Every nonprofit’s fundraising plan is a bundle of habits.
- Some organizations habitually send out 4 appeals, 1 per quarter.
- Some organizations habitually call all new donors.
- Some organizations habitually send out a Christmas card to all donors.
Think for a second about your organization’s habits.
The big question is whether an organization has data to tell them whether their habits are helpful… or not.
Quick example. I once served an organization that habitually sent Christmas cards to all their donors. They were certain the cards helped with their year-end fundraising, but they had no data to back that up. And they’d done it for so many years that no one around the table remembered a time when they didn’t send the cards.
So we divided their donors into two random-but-equal groups. One group received the Christmas cards and the year-end campaign. The other group did not receive cards, and only received the year-end campaign.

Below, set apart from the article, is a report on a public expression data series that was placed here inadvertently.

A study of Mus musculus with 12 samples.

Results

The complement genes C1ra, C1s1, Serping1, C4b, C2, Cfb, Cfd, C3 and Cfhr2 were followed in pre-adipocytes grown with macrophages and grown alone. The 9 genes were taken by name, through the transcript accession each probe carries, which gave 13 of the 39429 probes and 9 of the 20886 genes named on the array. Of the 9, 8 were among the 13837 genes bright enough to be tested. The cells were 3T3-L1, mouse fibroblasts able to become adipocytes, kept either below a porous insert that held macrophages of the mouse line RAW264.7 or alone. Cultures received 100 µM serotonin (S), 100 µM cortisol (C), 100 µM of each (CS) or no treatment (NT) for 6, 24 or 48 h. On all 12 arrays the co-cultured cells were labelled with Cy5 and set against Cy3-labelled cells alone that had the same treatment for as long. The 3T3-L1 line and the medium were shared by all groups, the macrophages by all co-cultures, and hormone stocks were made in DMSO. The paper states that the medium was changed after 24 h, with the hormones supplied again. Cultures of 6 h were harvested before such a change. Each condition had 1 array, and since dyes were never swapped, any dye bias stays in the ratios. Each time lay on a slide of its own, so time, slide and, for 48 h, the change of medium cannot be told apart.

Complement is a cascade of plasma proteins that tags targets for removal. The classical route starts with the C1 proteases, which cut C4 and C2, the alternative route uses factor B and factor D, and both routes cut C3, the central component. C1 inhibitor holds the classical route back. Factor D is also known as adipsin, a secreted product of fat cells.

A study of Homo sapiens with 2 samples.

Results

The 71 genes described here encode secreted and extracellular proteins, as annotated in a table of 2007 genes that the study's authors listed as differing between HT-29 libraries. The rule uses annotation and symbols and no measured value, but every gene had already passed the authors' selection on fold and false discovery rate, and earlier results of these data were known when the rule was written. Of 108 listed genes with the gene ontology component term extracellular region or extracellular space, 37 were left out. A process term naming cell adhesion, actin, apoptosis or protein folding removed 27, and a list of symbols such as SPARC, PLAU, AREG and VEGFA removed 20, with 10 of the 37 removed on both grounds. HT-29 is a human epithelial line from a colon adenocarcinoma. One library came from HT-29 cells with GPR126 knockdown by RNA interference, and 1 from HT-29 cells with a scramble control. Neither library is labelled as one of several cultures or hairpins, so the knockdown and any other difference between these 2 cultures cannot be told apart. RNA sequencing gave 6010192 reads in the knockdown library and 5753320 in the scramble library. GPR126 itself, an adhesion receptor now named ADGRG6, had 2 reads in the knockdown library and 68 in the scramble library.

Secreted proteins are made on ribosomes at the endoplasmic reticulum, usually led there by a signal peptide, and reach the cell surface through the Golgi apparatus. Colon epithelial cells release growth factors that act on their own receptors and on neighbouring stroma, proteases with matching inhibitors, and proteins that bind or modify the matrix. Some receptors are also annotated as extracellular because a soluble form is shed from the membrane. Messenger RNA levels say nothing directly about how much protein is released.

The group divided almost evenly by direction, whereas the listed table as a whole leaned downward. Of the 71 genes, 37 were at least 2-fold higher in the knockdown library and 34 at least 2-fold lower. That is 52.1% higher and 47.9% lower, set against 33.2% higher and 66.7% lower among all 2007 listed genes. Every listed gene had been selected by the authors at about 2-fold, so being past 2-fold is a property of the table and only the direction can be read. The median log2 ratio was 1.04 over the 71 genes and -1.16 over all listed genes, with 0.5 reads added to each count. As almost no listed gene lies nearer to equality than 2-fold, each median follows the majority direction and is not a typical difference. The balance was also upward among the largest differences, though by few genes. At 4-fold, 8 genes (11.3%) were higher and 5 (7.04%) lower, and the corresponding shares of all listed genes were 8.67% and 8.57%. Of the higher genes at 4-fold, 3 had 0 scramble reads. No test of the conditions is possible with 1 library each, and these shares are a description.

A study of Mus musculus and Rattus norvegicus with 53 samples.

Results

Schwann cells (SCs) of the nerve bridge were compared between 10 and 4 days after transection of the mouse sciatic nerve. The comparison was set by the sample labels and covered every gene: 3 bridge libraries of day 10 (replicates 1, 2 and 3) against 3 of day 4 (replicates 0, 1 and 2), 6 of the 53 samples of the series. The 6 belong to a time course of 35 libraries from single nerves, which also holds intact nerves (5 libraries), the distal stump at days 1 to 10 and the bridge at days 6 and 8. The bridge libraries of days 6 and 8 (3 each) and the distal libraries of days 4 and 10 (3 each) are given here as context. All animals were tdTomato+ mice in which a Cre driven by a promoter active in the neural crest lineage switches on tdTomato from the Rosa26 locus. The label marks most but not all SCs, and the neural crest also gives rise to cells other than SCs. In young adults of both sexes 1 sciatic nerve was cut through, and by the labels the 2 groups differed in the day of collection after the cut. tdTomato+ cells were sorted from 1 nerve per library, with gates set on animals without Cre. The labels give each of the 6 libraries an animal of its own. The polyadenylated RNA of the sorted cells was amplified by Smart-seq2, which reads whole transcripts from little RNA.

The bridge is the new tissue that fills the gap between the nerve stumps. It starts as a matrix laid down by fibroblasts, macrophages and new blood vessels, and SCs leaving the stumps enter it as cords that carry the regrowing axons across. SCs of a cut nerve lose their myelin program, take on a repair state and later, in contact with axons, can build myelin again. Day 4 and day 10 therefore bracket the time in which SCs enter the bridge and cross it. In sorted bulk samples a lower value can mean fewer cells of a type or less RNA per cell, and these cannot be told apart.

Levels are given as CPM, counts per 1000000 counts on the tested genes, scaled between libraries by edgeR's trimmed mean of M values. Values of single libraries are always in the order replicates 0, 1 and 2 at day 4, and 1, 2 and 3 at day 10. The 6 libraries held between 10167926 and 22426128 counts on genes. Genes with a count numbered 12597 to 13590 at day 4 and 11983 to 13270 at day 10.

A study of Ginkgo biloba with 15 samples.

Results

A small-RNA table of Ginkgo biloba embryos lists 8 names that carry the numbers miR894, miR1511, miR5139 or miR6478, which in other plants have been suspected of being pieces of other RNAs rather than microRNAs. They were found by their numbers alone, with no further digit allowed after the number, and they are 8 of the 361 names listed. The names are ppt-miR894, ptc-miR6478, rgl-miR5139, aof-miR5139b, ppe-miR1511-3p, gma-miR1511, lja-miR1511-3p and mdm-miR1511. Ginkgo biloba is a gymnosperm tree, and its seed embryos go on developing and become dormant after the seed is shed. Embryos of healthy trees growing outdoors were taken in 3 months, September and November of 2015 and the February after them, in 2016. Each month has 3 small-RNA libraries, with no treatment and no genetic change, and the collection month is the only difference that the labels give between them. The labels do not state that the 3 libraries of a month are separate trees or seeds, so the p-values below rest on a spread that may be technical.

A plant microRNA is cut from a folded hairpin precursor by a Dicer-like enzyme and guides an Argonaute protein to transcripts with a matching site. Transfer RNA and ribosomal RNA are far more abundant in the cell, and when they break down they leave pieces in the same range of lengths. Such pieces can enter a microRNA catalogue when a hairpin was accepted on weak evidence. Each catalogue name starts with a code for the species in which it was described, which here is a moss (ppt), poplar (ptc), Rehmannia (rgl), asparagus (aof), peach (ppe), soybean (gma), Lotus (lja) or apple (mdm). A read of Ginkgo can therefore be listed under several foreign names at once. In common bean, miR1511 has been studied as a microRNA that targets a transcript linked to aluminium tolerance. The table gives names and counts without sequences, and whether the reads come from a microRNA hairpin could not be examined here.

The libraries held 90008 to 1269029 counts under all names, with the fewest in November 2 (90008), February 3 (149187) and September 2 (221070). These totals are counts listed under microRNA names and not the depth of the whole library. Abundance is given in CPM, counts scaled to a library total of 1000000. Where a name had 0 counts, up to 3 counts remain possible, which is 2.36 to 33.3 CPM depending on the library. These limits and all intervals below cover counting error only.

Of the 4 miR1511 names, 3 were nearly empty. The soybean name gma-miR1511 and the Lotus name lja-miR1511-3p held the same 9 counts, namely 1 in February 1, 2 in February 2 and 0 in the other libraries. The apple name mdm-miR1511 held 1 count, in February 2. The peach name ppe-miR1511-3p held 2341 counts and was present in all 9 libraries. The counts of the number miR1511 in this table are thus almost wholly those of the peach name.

In January we looked at the results. The response rate, average gift size, and net revenue from each group was essentially the same.
They discovered that their habit of sending Christmas cards did not increase how much money they raised. But it did increase expenses.
So the following year they dropped the habit.
Please take a quick look at your organization’s habits. Make a list of habits that have been directed by data. By that I mean you’ve tried at least one alternative and the alternative was measurably worse.
Then make a list of the habits where your organization has little to no information about how an alternate approach might work. These are the habits that are likely to be personal preferences, or passion projects of an important stakeholder, or traditions that have been handed down from the past.
The longer the list of habits without information, the more fundraising opportunity you have.